Assessment/History Natalie O’Callaghan – 9/1
I feel like a problem at the moment is child labour in factories. I think that we should ban children under the age of 16 to work and instead have an education for at least 5 hours a day.
Children as young as six years old during the industrial revolution worked hard hours for little or no pay. Children sometimes worked up to 19 hours a day, with a one-hour total break. This was a little bit on the extreme, but it was not common for children who worked in factories to work 12-14 hours with the same minimal breaks. Not only were these children subject to long hours, but also, they were in horrible conditions. Large, heavy, and dangerous equipment was very common for children to be using or working near. Many accidents occurred injuring or killing children on the job. Not until the Factory Act of 1833 did things improve. Children were paid only a fraction of what an adult would get, and sometimes factory owners would get away with paying them nothing. Orphans were the ones subject to this slave-like labour. The factory owners justified their absence of payroll by saying that they gave the orphans food, shelter, and clothing, all of which were far below par. The children who did get paid were paid very little.
The treatment of children in factories was often cruel and unusual, and the children’s safety was generally neglected. The youngest children, who were not old enough to work the machines, were commonly sent to be assistants to textile workers. The people who the children served would beat them, verbally abuse them, and take no consideration for their safety. Both boys and girls who worked in factories were subject to beatings and other harsh forms of pain infliction. One common punishment for being late or not working up to quota would be to be “weighted.” An overseer would tie a heavy weight to worker’s neck, and have them walk up and down the factory aisles so the other children could see them and “take example.” This could last up to an hour. Weighting could lead to serious injuries in the back and/or neck. Punishments such as this would often be dispensed under stringent rules. Boys were sometimes dragged naked from their beds and sent to the factories only holding their clothes, to be put on there. This was to make sure the boys would not be late, even by a few minutes. Children should not be treated this way, they are not slaves, they are only young and they need education so they can have a bright future.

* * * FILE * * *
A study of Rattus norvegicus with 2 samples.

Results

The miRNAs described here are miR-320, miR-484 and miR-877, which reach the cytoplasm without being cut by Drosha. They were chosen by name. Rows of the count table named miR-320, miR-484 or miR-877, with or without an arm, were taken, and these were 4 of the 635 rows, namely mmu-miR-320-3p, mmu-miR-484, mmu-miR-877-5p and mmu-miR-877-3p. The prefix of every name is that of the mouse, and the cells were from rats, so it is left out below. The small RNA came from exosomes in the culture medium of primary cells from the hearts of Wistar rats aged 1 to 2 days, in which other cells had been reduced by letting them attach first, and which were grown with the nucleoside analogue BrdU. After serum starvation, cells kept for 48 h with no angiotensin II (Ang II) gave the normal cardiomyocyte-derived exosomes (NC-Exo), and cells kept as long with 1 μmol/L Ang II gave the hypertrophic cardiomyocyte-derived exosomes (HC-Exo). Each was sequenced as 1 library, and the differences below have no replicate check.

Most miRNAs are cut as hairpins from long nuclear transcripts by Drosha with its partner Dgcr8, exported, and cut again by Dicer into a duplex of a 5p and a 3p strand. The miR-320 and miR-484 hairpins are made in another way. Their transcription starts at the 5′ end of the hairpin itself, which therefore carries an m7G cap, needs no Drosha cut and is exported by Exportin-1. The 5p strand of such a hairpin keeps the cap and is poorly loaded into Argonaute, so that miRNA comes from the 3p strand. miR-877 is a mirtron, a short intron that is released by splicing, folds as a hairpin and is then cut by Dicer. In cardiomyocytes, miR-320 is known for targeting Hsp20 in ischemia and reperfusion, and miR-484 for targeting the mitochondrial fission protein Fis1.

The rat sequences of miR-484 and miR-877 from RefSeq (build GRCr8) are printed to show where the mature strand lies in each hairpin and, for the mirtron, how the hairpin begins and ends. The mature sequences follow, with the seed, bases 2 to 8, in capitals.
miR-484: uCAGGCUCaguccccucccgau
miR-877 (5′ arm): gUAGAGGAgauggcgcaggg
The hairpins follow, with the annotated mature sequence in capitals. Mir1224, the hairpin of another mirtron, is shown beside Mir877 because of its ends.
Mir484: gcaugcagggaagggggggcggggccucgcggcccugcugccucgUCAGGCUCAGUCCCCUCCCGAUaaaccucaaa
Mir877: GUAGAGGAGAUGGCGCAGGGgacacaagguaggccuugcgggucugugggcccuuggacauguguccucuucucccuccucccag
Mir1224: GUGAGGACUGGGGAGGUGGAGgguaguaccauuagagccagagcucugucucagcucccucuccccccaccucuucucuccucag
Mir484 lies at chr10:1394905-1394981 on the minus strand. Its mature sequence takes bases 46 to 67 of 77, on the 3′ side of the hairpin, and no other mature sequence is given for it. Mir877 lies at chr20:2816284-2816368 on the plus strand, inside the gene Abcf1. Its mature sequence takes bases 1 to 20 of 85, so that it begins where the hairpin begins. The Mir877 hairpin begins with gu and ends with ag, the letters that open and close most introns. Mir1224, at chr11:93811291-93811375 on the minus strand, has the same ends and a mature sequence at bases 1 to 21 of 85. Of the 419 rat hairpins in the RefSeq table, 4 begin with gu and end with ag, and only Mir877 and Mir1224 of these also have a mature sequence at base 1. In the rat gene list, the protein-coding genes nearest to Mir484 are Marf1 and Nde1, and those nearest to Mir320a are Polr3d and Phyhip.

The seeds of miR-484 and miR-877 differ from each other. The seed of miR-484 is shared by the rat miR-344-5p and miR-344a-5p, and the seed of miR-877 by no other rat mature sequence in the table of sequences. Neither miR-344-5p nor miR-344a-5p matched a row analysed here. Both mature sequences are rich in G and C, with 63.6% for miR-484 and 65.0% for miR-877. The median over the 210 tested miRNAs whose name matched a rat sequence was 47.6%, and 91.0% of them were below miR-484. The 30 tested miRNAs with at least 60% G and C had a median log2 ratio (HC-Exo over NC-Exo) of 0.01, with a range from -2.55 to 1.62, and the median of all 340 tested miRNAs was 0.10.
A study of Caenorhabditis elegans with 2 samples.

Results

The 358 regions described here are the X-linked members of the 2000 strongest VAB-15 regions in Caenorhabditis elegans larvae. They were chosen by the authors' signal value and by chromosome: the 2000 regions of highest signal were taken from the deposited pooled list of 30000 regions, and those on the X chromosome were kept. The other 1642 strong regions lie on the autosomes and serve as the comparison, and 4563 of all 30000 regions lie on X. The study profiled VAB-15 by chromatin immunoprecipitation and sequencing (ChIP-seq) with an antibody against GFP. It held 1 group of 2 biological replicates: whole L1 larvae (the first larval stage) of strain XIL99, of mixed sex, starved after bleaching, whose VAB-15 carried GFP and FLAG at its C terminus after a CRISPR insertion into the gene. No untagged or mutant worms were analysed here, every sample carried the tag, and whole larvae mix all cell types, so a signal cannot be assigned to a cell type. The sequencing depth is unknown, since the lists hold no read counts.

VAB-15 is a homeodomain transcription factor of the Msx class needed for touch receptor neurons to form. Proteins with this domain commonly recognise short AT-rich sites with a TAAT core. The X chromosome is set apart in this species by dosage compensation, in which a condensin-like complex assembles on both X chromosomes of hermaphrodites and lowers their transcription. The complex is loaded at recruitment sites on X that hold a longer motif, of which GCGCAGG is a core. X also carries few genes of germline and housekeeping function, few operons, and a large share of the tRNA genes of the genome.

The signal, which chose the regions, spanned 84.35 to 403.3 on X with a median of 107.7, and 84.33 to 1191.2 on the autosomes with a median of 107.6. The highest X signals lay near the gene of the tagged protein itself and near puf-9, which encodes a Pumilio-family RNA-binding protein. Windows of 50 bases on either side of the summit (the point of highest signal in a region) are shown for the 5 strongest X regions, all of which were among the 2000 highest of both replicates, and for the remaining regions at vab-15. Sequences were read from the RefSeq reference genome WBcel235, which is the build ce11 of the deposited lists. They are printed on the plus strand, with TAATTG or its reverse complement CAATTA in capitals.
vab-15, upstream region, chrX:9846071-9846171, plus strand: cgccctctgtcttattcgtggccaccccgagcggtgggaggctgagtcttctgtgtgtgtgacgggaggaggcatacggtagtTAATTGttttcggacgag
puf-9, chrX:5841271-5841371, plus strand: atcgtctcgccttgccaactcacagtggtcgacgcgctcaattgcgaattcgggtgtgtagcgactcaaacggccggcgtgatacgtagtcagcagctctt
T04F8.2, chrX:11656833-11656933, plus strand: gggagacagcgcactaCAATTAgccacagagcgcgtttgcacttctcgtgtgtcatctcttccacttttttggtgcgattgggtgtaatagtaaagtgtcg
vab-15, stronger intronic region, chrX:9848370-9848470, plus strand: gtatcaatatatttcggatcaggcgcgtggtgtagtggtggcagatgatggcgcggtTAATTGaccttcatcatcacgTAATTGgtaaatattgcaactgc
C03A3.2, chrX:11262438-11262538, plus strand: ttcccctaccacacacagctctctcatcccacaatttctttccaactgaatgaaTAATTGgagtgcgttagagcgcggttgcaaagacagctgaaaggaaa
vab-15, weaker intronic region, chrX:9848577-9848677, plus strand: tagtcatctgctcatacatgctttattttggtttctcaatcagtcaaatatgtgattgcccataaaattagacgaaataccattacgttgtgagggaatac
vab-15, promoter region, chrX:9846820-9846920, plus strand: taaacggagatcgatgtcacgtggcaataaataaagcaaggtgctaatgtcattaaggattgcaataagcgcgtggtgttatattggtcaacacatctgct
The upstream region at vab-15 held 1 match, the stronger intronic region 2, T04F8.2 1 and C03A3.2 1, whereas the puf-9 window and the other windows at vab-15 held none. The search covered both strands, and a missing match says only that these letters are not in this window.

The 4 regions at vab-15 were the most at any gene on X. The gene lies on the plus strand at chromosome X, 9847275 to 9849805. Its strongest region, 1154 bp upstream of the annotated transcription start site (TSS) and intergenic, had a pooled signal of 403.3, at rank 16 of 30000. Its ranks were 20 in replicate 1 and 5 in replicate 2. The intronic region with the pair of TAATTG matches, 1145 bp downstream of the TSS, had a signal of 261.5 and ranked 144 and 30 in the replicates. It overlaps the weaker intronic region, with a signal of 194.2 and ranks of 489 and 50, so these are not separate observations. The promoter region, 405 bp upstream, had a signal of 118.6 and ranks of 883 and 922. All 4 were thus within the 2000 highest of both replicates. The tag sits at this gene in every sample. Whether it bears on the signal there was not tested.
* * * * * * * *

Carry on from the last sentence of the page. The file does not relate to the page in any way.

In my opinion Child labour is barbaric and cruel. These children are put in horrific conditions to work 1. when it should be against the law and 2. they’re not even being paid much. I am amazed at how awful it was to force a child of 5 to work. Being a child is for playing, having fun and laughing, not working. If these children have an education, they will be able to get great jobs when they are older and can make a living instead of working in old, grim factories. So that is why I would like to recommend this legislation to fix one of England’s worst problem at the moment.